Posted in News

Why Do Owners of Older Cars Ignore Recalls Half the Time?
Only 44 percent of cars 5 to 10 years old are repaired during recalls.

— What motivates a car owner to get their car fixed when a recall notice appears in the mail? If the fear of injury or death from a safety defect isn't enough to motivate a car owner, what would it take?

The Alliance of Automobile Manufacturers is researching that question after determining the number of recalls ignored by the American public.

The Alliance of Automobile Manufacturers is a trade association of 12 vehicle manufacturers, including BMW, FCA US, Ford, General Motors, Jaguar Land Rover, Mazda, Mercedes-Benz, Mitsubishi, Porsche, Toyota, Volkswagen and Volvo.

Based on past responses, vehicle owners respond better to recalls if the vehicle is newer. About 83 percent of new car owners get their cars repaired during recalls, but that completion rate takes a scary downturn once a vehicle is five years old.

Only 44 percent of recalled vehicles are repaired once they are 5 to 10 years old, and that percentage drops even more for vehicles over 10 years old.

According to the Alliance, the average age of a vehicle on the road is 11.4 years.

Older Cars Aren't Getting Recalled

The numbers are unsettling because millions of older vehicles are recalled each year, yet less than half are repaired even though those repairs would cost nothing.

Many recalls of older cars involve serious safety defects that can cause accidents and injuries to occupants and to other vehicles. Perfect recent examples include 34 million cars recalled in the U.S. because of exploding airbags and millions of older GM vehicles recalled after hundreds of deaths and injuries related to ignition switches.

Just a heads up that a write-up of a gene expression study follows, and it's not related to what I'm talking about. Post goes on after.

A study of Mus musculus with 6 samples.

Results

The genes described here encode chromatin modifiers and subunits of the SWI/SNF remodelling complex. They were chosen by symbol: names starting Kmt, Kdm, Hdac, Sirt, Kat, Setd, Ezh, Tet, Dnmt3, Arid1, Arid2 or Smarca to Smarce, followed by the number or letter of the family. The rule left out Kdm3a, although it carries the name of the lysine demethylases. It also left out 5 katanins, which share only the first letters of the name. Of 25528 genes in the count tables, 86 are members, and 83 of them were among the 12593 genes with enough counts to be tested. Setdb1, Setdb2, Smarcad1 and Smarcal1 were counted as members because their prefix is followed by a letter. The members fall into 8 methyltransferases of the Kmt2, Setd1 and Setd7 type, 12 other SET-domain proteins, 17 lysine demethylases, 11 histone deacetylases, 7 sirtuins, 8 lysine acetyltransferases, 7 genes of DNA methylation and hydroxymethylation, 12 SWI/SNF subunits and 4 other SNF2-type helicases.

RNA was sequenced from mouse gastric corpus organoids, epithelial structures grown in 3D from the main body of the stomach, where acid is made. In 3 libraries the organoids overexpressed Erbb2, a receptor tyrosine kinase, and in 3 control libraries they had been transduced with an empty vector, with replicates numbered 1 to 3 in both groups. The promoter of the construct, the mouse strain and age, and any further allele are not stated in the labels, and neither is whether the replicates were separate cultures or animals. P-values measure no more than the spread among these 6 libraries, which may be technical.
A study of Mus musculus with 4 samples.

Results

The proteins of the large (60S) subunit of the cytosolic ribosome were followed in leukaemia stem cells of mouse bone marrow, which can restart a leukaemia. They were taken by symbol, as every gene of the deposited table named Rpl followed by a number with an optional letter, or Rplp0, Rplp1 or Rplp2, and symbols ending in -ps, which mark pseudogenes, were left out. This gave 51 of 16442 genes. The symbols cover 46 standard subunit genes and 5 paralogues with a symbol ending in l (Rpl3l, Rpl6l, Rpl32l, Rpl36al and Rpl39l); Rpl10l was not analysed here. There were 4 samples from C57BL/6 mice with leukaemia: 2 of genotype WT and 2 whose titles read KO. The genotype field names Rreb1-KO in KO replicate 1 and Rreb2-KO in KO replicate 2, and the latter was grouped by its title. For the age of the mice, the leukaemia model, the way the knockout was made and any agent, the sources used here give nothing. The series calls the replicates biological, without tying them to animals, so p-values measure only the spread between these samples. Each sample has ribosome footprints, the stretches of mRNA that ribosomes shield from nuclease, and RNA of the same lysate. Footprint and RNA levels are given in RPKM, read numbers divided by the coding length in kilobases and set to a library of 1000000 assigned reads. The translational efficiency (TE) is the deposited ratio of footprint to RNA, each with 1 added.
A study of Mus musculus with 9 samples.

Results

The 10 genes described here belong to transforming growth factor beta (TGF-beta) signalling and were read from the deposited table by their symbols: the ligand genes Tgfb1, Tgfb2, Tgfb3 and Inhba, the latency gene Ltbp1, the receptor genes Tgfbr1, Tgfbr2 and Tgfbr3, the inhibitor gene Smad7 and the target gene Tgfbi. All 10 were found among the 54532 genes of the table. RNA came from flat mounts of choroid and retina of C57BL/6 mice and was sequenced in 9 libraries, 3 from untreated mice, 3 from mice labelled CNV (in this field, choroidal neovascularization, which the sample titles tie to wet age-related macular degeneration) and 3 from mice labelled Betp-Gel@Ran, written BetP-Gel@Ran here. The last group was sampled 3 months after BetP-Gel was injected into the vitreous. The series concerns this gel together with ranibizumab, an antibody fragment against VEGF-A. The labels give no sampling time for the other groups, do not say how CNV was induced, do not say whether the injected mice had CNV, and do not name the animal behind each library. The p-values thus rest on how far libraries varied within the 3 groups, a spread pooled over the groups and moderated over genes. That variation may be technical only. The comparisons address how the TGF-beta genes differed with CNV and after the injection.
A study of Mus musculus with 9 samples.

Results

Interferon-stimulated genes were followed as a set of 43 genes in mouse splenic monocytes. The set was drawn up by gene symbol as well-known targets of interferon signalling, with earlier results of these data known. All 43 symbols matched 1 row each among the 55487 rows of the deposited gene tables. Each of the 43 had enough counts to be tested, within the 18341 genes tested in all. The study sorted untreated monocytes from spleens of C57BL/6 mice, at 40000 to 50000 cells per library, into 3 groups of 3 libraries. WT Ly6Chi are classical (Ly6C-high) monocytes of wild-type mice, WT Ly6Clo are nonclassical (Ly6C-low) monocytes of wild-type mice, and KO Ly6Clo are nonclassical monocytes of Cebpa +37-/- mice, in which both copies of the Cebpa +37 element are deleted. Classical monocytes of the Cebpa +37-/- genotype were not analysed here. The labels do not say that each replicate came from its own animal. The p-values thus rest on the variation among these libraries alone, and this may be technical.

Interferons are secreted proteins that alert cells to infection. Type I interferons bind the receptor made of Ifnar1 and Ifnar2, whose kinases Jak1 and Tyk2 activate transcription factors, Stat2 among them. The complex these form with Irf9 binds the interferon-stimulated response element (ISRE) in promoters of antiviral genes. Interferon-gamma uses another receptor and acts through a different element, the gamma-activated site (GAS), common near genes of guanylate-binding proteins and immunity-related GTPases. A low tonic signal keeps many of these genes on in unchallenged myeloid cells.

The Alliance said its research will hopefully help safety regulators and automakers to understand why a consumer ignores such risks and how an automaker can coax the recalled car into the shop.

Automakers have faced criticism for low recall completion rates, but some of that criticism is misplaced because there is no law that says a vehicle owner must respond to a recall notice. Without cooperation from the vehicle owner, that vehicle will continue on the roads without the needed safety repairs.

In March 2015, Honda went to extraordinary measures to convince owners to get their airbags repaired after reports of deaths and injuries in Honda vehicles. The automaker spent millions of dollars on advertising campaigns online, in print and on the radio, all in an effort to get customers to get the free airbag repairs made.

But beyond that, what else can an automaker do?

The research from the Alliance of Automobile Manufacturers hopes to answer that question. Results of the research should be available by the end of summer 2015.